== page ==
This is Scientific American — 60-Second Science. I'm Steve Mirsky.
"So here's the first of the alewives, all silvery, they're all about the same size, you can't tell the boys from the girls. These will be the first."
Stephen Gephard, fisheries biologist with the Connecticut Department of Energy and Environmental Protection.
Gephard brought 400 alewives down from the Nutmeg state to be released into the Bronx River on the grounds of the Bronx Zoo on April 20th. The Bronx River was once so polluted that it was called an open sewer. But it's been cleaned up to the point where it can now once again support these fish, which were common here in the 19th century.
"Alewives are herring, they're kind of like a miniature shad." John Waldman is an aquatic conservation biologist at Queens College, who was on hand for the release.
"They're born in fresh water, they rear for the first year in freshwater then go to sea, spend a few years growing larger and then return to the river they were born in, much like salmon or sturgeon or shad. It's called an anadromous life history. And this river appears to have a small relic run that never really expanded because it was limited by the habitat."
"And now there's a fish ladder on the first dam and these fish that are being stocked today, 400 alewives...and the idea here is that if they spawn in this section, the young will kind of imprint on this area, run downstream and then return when they're old to spawn several years from now and want to go over the fish ladder."
"In the meantime, several fish have used the fish ladder on their own this week that were from wild fish that were existing as a little relic stock, I believe, in this section of the river, so between the two I think the future looks very promising to have a much larger run."
"The water here behind the Bronx Zoo is just perfect for alewife spawning, it's very slow moving, it's just what they like. And there's a series of dams above this first dam that are probably going to have fish ladders in the future, too. And if we get them all online working, this little river that flows through the heart of the Bronx could become a major alewife producer, which is kind of fun in its own right, to have such an urban location producing these wild fish, but it also is a great tie to the ocean."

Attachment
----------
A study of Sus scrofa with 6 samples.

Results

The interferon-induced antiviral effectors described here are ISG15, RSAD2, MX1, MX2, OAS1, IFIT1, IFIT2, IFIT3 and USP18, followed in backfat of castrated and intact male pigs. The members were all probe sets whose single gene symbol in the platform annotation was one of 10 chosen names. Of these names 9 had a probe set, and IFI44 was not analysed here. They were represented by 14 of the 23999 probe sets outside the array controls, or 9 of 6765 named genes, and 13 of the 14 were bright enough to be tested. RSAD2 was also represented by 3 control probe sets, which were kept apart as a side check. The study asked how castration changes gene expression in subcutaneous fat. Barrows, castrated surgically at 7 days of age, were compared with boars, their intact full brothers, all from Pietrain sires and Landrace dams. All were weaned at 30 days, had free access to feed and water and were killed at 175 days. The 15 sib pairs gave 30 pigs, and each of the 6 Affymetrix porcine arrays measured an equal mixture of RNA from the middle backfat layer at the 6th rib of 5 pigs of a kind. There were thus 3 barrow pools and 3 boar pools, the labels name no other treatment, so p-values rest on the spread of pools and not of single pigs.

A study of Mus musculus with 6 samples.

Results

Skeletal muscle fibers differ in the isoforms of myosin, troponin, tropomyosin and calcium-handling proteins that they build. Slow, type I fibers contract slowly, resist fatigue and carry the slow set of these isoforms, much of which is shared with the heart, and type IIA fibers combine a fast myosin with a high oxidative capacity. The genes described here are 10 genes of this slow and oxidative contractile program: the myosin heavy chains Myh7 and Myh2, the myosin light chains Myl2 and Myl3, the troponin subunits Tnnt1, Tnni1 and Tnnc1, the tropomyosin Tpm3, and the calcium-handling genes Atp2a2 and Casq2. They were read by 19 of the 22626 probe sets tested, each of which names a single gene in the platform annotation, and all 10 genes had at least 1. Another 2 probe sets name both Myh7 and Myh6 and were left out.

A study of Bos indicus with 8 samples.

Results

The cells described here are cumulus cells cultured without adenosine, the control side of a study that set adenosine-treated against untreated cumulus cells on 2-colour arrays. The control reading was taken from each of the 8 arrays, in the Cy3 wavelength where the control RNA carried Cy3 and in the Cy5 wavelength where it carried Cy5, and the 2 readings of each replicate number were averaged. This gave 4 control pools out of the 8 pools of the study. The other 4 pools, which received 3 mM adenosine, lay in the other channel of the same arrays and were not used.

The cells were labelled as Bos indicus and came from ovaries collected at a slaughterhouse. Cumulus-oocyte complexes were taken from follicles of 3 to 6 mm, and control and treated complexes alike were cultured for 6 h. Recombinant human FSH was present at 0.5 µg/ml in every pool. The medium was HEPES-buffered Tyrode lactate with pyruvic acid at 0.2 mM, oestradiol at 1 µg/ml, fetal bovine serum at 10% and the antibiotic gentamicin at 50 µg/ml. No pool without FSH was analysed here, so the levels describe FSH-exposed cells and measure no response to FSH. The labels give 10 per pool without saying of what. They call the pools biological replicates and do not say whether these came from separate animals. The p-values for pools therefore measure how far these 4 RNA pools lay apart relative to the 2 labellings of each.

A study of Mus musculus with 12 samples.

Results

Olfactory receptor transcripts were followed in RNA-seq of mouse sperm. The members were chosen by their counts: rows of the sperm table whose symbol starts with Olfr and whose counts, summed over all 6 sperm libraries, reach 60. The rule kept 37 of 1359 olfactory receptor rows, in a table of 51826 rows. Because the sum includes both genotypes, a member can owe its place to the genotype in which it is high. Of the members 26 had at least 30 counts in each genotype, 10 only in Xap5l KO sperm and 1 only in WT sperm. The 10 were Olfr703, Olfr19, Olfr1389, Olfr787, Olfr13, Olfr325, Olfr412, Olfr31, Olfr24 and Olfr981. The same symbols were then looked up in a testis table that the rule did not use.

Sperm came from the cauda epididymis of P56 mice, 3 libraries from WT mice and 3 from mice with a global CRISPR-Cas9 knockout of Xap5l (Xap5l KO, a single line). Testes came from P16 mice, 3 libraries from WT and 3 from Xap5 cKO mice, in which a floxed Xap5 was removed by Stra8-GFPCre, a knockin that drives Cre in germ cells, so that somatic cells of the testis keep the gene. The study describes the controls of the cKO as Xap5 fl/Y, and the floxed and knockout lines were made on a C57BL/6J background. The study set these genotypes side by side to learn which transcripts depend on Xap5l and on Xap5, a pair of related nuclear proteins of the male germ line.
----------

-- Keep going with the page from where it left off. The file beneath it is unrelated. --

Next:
"Alewives and other bait fish really drive the marine food chain, and this is a contribution to our greater coastal waters. So I'm very excited by the prospects of this restoration."
Gephard: "Alright, we gotta get 'em in the water."
For the Scientific American — 60-Second Science Science. I'm Steve Mirsky.
“这是第一批灰西鲱，它们全身银色，体型也差不多，无法分辨公母 。这将是第一批 。”
4月20日，格帕德从“肉豆蔻州”（即康涅狄格州）带来了400条灰西鲱，在布朗克斯动物园把它们放生到布朗克斯河 。布朗克斯河因曾经污染严重，而被称为“露天下水道” 。不过这条河已被清理干净，现在足以再次供养这些鱼，19世纪时这些鱼在这里很常见 。
“灰西鲱是鲱鱼的一种，有点像微型美洲河鲱 。”约翰·瓦尔德曼是皇后学院的一名水生保护生物学家 。他正准备放生 。
“灰西鲱出生在淡水中，第一年在淡水中生活，然后游到大海长大，几年以后再回到它们出生的河流，这很像鲑鱼、鲟鱼或美洲河鲱 。这种行为被称为溯河产卵生活史 。这条河中似乎有一个小型的古老洄游鱼群，因为被环境所限，所以这一鱼群从未壮大 。”
“与此同时，本周已经有一些野生鱼自发使用了鱼梯，我相信，这些野生鱼是生活在河流这一河段的小型古生物 。在这两种情况中，未来出现更大规模地洄游鱼群是有希望的 。”
“布朗克斯动物园后面的水域是灰西鲱的最佳产卵地，这里水流缓慢，正是灰西鲱喜欢的产卵地 。在第一个大坝之上还有很多水坝，将来很可能会设置鱼梯 。如果我们让所有鱼梯一起作用，那这条流经布朗克斯中心的小河可能会成为灰西鲱的主要产地，城市区域会产生这些野生鱼，这本身就很有趣，不过这条河也是连接海洋的重要纽带 。”
“灰西鲱和其它钓饵鱼的确推动了海洋食物链，而这是对更广阔的沿海水域的贡献 。所以重建的前景让我感到非常激动 。”
谢谢大家收听科学美国人——60秒科学 。我是史蒂夫·米尔斯基 。
1. clean up 清理，清除(污染物)；
例句：Under pressure from the public, many regional governments cleaned up their beaches.
2. once again 又一次；再次；
例句：Facts once again give the lie to the fallacy.
3. on hand 在手头；在近处；现有；
例句：The Bridal Department will have experts on hand to give you all the help and advice you need.
4. imprint on 印记；铭刻；
例句：He tried to imprint the number on his memory.